An important global coffee report that monitors sustainability claims was released yesterday, and paints the picture that the industry has reached a crisis point in meeting its own climate targets.

“… the coffee sector finds itself immersed in a state of crisis.” … “Amidst the grand claims of sustainability and rosy promises of a prosperous future in coffee agriculture, the harsh reality faced by coffee producers is marked by price volatility and rising production costs … Coupled with rampant inflation and the profound consequences of a rapidly changing climate in the most vulnerable origins.” (2023 Coffee Barometer)

The Coffee Barometer, published at and supported by Conservation International, Solidaridad, Ethos Agriculture and Belgiun and German development agencies, reports on the coffee industry’s attitude and progress towards climate readiness and sustainable supply chains; and is widely recognized as the most accurate “mainstream” depiction of where the coffee industry sits with regards to sustainability.

The last Coffee Barometer report, published in 2020, summed up the “all talk but no action” existing claims and efforts of the biggest coffee corporations, (like Olam, Nestle and Starbucks) as “disappointing”.

This new 2023 report identifies that coffee has now clearly reached a crisis point.

What it Summarizes

  • Coffee growing habitat is at severe risk … Projecting a loss of 45.2% of global Arabica production by 2050 (due to loss of suitable habitat). Poses an even greater threat to existing high elevation forests.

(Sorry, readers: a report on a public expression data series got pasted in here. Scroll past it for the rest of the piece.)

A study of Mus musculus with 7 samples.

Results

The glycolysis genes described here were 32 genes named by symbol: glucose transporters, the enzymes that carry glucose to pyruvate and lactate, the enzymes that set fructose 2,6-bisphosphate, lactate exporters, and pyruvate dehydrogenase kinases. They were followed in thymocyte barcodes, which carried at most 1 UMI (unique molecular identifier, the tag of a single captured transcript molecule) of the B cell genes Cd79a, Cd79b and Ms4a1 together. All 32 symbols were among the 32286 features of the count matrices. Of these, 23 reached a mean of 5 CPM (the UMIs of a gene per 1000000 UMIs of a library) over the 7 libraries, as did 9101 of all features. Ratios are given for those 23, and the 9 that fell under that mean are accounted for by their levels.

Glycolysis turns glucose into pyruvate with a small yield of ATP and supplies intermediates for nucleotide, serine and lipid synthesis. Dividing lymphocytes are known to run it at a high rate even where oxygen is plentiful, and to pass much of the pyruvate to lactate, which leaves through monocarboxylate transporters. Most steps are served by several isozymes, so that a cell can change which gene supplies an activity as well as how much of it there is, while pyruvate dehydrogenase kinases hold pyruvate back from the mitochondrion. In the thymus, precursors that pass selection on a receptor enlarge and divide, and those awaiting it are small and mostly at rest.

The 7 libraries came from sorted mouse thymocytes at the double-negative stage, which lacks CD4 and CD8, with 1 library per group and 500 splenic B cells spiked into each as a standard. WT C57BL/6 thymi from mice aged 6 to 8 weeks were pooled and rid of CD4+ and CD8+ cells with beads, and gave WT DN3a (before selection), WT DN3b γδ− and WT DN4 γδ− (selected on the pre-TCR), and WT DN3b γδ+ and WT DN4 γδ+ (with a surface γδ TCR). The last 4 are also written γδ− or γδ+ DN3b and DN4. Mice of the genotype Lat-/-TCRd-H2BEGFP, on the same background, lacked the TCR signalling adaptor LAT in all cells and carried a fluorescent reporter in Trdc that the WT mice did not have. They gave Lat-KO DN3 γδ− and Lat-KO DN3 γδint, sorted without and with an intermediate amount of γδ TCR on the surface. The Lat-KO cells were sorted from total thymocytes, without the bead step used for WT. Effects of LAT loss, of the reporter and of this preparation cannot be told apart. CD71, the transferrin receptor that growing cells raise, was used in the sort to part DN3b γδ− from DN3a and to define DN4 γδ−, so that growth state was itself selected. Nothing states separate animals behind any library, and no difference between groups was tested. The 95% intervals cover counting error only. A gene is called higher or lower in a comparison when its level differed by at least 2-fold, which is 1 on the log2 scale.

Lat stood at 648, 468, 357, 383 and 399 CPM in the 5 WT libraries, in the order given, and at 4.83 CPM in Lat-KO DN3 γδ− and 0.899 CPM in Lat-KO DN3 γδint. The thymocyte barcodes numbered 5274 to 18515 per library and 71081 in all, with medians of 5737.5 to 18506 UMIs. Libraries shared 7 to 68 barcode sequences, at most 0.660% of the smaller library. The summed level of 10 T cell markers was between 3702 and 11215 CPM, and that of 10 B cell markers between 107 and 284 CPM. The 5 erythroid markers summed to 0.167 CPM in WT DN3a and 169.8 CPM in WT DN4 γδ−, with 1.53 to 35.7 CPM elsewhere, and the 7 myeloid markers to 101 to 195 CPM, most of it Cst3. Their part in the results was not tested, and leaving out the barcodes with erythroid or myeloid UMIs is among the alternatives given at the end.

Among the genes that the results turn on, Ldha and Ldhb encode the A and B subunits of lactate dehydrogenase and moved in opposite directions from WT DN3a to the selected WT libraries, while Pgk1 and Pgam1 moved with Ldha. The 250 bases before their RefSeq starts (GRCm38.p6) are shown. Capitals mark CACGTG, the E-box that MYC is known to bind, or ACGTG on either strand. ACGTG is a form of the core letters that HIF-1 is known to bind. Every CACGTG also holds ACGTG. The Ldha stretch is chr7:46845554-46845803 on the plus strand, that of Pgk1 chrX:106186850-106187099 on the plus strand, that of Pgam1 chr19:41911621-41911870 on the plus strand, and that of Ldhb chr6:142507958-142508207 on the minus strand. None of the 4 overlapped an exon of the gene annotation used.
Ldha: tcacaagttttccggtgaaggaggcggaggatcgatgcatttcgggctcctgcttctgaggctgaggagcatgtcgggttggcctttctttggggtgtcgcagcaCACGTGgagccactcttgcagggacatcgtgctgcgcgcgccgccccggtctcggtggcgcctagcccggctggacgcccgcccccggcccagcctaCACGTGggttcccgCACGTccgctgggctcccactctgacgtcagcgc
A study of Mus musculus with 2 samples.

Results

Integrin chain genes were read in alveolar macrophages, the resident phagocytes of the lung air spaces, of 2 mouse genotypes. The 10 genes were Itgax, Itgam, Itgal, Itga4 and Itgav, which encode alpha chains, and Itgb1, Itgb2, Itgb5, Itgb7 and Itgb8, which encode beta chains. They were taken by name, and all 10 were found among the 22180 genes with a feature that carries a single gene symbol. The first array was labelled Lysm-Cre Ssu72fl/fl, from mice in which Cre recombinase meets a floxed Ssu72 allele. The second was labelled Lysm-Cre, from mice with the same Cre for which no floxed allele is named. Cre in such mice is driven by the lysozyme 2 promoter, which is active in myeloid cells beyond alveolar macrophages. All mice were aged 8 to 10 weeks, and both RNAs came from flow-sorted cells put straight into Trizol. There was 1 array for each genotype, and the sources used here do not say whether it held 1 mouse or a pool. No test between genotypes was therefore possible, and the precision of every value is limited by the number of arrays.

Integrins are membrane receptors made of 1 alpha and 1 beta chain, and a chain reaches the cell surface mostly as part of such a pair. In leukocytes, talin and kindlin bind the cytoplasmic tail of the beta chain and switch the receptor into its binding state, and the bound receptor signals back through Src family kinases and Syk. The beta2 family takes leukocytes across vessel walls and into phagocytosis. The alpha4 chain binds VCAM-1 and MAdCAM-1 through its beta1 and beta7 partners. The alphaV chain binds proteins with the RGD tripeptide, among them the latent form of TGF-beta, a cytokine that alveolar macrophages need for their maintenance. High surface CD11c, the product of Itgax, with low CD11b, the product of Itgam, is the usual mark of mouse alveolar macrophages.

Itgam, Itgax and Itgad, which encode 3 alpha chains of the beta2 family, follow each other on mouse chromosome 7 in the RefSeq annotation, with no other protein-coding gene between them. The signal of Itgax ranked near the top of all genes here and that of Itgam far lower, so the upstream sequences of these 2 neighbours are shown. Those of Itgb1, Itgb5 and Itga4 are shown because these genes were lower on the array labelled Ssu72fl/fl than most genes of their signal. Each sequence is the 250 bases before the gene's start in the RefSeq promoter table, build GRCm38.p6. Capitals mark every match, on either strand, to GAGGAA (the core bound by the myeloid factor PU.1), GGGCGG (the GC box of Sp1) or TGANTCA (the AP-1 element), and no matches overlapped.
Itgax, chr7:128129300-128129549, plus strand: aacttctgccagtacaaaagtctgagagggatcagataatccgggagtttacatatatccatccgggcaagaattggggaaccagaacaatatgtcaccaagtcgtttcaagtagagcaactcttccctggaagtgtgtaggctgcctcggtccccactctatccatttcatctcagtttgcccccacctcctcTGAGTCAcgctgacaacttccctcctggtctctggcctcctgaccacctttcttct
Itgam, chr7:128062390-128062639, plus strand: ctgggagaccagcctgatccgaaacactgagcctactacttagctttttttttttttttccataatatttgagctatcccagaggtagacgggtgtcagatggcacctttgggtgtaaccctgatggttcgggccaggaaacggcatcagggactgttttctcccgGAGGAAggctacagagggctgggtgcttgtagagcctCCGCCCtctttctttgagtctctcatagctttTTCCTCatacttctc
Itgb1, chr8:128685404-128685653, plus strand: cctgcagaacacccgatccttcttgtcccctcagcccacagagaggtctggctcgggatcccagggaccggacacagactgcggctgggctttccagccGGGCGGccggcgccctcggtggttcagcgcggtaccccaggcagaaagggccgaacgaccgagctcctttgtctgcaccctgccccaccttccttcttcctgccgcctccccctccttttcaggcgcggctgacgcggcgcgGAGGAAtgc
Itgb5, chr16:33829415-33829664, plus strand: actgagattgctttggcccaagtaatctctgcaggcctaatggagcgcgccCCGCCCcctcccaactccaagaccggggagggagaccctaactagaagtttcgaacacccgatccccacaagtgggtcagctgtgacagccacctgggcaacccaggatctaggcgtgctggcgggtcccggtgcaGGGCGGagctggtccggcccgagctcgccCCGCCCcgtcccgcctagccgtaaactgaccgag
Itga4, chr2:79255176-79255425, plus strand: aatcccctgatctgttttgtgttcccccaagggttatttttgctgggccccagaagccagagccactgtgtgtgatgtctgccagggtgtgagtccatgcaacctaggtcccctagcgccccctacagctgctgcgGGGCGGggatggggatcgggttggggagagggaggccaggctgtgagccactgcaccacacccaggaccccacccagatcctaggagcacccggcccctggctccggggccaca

• The exploitive and extractive nature of coffee will keep millions of growers below the poverty line.
  • The new EU Deforestation Law (10 years in the making) is the first big government regulation requiring commodities like coffee and cocao to prove their supply chains did not contribute to deforestation in order to be approved entry. However, so far the largest coffee companies are challenging the law rather than incorporating the needed changes to be compliant, claiming that the burden will ultimately hurt the farmers.
  • Key finding about coffee’s carbon footprint state an increasing loss of more than 130,000 hectares of forest each year, equaling approximately 45 million metric tonnes of carbon emissions.
  • The coffee industry is opaque and doesn’t disclose the basic information needed for global stakeholders to properly assess supply chains.
  • Multi-stakeholder initiatives (MSIs) like Global Coffee Platform (GCP) and Sustainable Coffee Challenge (SCC), that include associations and recognized NGOs, are allowing companies to benefit from media attention that make it seem like they are acting on climate when they aren’t having any impact (essentially green-washing). “[Multi-stakeholder Initiatives] allows them to portray themselves as “taking action” while conveniently sidestepping the more complex and contentious issues.” (2023 Coffee Barometer)

Conclusion & Next Steps

The report paints a scary picture for high elevation tropical forests, coffee farmers, and people all over the world affected by climate change. So, everyone.

But there is hope in action …

From the report: “Clearly, agroforestry should not be seen as a substitute for natural forests, but rather as a means to restore degraded landscapes. Agroforestry has the potential to contribute to global restoration efforts and store vast amounts of carbon, potentially amounting to millions of metric tons.”

The foundation of YBC’s Yoro Model starts with the local community (i.e. farmers) and introduces a new way of growing, processing and trading (i.e. transparent transactions throughout the supply chain). Its multi-disciplinary approach address all of the issues outlined in the report and is here for coffee companies to embrace.